MORE OR LES with MILES JONES & DJ SERIOUS, ONAKABAZIEN and FRESH FLESH as part of FEAST IN THE EAST 23 at Polyhaus (388 Carlaw), Friday (March 1), 9 pm, all ages. $10, adv $7. CB, SS. See listings.
After 22 editions of food and music in Toronto's east end, the Feast In The East music series may have found its most appropriate headliner yet in More or Les.
The local MC, whose real name is Leslie Seaforth, can fill a room with good vibes, but more importantly he has a deep appreciation for all things culinary. Some previous instalments have had musicians cooking dinner for the crowd. So why is More or Les crossing the Don Valley empty-handed?
"Nobody asked me," he says over lunch on Queen East, mere metres from the spot where he first caught the public's ear as an attention-demanding busker. "It's too bad. I could have made chili."
If fans want to try the rapper's signature chili, all they have to do is pick up a copy of his third LP, Mastication (URBNET, 2012). Seaforth's recipe ("good vegan chili that will stick to your ribs") makes up the lyrics to the aptly named Chili, one of 17 tracks all centred around the same theme: food.
Seaforth isn't an ex-chef like Action Bronson. In fact, he doesn't even consider himself a foodie - more an enthusiast. Instead, he says, his motivation for unifying the album was aesthetic.
"I just believe in the concept of the album as a piece," he explains. "I'm more interested in that than in some loose collection of songs. Instead of trying to grab people's attention as quickly as possible, I'd rather say, ‘Hey, here's something you can devote 40 minutes of your time to.'"
Mastication is actually Seaforth's second concept album in a row. His 2010 EP, Brunch With A Vengeance, presents a whole suite of tracks about common annoyances, from gross public bathrooms to nose-pickers on the bus.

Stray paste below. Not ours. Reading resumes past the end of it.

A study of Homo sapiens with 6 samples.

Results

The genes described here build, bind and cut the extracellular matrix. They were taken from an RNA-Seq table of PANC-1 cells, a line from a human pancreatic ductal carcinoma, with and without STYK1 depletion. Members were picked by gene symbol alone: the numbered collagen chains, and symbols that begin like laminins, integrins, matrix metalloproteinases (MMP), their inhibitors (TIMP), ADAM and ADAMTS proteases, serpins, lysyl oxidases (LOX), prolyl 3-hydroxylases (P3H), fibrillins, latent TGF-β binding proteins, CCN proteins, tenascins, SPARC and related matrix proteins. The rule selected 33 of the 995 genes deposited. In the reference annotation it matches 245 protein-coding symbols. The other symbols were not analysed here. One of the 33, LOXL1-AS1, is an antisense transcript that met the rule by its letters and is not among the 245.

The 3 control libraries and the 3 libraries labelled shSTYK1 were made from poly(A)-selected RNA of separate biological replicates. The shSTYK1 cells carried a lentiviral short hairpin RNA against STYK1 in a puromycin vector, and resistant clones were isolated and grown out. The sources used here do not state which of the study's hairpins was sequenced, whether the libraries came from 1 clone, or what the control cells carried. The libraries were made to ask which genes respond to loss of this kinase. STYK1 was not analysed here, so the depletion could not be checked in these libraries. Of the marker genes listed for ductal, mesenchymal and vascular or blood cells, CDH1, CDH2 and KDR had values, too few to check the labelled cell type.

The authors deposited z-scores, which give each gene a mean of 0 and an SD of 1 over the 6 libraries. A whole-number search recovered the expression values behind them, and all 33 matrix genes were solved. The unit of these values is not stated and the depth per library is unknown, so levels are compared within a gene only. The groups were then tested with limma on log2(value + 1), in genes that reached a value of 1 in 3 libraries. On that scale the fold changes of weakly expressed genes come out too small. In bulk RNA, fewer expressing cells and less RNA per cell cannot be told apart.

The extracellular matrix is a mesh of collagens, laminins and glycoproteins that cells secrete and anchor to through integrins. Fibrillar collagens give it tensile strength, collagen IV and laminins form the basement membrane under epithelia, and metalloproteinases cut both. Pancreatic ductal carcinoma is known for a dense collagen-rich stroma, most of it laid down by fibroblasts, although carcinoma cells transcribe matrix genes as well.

That humour and relatability give Seaforth an Everyman persona and sidestep the larger-than-lifeisms of mainstream rap, often getting him tagged as "indie" or "nerdcore." He says he's worlds away from rappers like Drake (whose success has had zero effect on him as a fellow Canadian "rapper"), but admits he's uneasy about fans who come up to him after shows making statements like "I normally don't like hip-hop, but I like you."
"To be honest, it used to throw me, but I understand where it's coming from," he says. "If your only access to rap is through commercial radio or video, you're going to have a very different opinion of what hip-hop is compared to doing a Google search or looking on YouTube or, even better, coming out to a show.
"Hip-hop is a big genre. To me, the most entertaining rap is a combination of different styles, an audio collage. It's taking something like the horns played by a folk band from Yugoslavia and turning [that sound] into a giant anthem for, I don't know, couscous."